Being told to save for retirement when you’re starting a career can sound as appealing as “eat your vegetables” did when you were a kid at the dinner table.
But the task doesn’t have to be as drab as digging into a plate of steamed cauliflower.
You can spice up the process to make saving easier — even fun. Here’s how:
Use your imagination
It’s hard to save for something you can’t picture. So imagine the exciting things you could do if you didn’t have to rely on a paycheck.
“That’s what retirement could be like, and you don’t have to wait for a set age to do it,” says Jackie Beck, personal finance blogger at JackieBeck.com. “Whatever your dream, picture it in detail. Maybe you’d love to travel the world, live at the beach or help underprivileged kids. Each time you save and invest for retirement, picture yourself getting that much closer to making your exact dream a reality.”
Use your eyes
For further inspiration, create a visual representation of your retirement goals, suggests Michelle Schroeder-Gardner, blogger at Making Sense of Cents. Tack up pictures on a bulletin board, for instance, or paste some images on a poster.
“Having your financial goal displayed in front of you can make it that much more real,” she says. “Plus it’s nice to have a constant reminder of what you’re working towards.”
Kara Stevens, owner of The Frugal Feminista
You can’t divorce your feelings from retirement saving. You’ve got to think about who you are and who you want to be.”
Kara Stevens, owner of The Frugal Feminista and author of “Heal Your Relationship With Money,” suggests naming your retirement account after your dream. Rather than being a “faceless pit you put money into,” she says, your IRA could be a “traveling the world fund.”
“You can’t divorce your feelings from retirement saving,” she says. “You’ve got to think about who you are and who you want to be.”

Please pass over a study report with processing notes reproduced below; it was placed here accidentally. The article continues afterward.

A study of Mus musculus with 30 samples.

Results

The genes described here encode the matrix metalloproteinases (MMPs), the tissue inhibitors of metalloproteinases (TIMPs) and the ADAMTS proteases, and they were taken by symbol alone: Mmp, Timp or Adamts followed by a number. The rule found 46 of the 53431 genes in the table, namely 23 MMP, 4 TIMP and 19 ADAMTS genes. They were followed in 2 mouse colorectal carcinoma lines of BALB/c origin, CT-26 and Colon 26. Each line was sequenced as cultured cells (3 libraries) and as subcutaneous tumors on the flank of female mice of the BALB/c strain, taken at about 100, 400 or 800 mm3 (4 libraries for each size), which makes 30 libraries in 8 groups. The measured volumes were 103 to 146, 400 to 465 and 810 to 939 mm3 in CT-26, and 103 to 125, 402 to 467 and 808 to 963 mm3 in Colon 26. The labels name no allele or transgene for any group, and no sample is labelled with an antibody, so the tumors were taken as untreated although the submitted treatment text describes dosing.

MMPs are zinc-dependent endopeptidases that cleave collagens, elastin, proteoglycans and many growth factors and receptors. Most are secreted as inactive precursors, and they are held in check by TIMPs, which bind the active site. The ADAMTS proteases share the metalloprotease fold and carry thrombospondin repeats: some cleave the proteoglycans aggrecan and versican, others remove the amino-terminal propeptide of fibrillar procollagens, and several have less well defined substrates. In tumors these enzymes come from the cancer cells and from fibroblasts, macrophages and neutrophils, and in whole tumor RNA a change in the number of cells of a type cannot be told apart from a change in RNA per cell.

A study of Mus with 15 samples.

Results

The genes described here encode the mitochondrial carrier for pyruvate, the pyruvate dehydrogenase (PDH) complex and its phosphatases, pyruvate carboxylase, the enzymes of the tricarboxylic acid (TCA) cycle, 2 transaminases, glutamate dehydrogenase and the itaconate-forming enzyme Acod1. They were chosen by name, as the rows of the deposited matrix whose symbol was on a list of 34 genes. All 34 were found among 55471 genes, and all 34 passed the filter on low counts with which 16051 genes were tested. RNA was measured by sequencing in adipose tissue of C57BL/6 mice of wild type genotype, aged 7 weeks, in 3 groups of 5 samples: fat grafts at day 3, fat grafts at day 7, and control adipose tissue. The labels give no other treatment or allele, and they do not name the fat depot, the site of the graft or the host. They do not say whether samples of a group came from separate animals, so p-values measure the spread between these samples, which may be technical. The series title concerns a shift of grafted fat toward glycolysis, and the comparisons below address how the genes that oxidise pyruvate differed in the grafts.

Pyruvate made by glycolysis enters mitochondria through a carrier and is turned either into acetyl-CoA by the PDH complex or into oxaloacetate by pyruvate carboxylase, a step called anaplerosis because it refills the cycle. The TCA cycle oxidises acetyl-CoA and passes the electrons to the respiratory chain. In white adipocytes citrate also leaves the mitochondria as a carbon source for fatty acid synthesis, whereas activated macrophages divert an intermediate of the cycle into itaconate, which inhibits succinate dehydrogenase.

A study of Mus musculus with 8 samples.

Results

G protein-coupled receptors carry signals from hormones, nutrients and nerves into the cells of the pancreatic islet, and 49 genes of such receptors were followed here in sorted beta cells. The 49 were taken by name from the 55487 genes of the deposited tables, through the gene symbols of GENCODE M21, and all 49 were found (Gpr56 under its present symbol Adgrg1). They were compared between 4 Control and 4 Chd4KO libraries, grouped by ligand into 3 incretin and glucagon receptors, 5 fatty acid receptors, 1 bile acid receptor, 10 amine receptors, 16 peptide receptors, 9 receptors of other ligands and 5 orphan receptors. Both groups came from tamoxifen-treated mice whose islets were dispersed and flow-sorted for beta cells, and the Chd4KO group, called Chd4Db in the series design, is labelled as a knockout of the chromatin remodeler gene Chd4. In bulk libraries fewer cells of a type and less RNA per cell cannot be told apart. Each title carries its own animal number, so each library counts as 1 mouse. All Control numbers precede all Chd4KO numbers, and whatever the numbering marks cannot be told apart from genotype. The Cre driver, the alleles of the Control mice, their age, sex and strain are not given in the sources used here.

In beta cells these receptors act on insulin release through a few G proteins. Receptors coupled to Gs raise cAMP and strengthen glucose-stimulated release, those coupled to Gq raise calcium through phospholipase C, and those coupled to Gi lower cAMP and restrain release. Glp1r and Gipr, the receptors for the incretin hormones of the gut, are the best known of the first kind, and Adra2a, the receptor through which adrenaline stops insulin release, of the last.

Play with a 401(k) calculator to see how the power of compounding can make small amounts invested today pay off later. Compounding happens when investments grow and the reinvested earnings generate returns, too. Compounding grows more powerful with time, so the earlier you start saving, the less money you have to contribute to reach your goal.
Make saving easy
You won’t miss money that doesn’t land in your checking account, says Lucas Casarez, a certified financial planner at Level Up Financial Planning in Fort Collins, Colorado.
The beauty of a 401(k) is that the money goes straight into your retirement account. Start by contributing at least enough to take advantage of any employer matching dollars, Casarez says. That’s free money.
If you don’t have access to a 401(k), open an IRA and set up automatic payments from your bank account.
“Gradually increase the amount you send to retirement by 1% to 3% every few months until you reach a percentage you're comfortable with,” Beck says. “Chances are you won't miss that amount, but it'll make a huge difference over time.”
Saving for retirement is like running a marathon. Acknowledging each mile marker is a reminder that you’re making progress, Casarez says.
Break down your retirement savings target into smaller goals, such as increasing your 401(k) contribution by a percentage point or getting your IRA to a certain dollar level. Reward yourself at each milestone. A reward doesn’t have to cost much to motivate, Stevens says; it can be as simple as enjoying a latte or giving yourself a shoutout on Facebook.
Make it a game and keep score
You can calculate your net worth — the value of what you have, minus what you owe — and track the number to keep score of how you’re doing financially. Saving for retirement lets you boost net worth to a new personal best every month.
Laurie Itkin, financial advisor and author
When you look at your net worth increasing each year, believe me that is fun. ”
"When you look at your net worth increasing each year, believe me that is fun," says Laurie Itkin, a financial advisor and author of “Every Woman Should Know Her Options: Invest Your Way to Financial Empowerment.” Itkin has had a lot of fun — she built a million-dollar stock portfolio before age 40.
Don’t be discouraged if the number is low or even negative. That’s just your starting point. The cool part is watching it grow as you pay down debt and save more for retirement and other goals.
“As you get raises and bonuses and decide to either invest or save more or pay down more debt, your net worth will increase even faster,” says Allison Vanaski, a certified financial planner at Arcadia Wealth Management in Smithtown, New York. “It’s a good way of checking that you are going in the right direction.”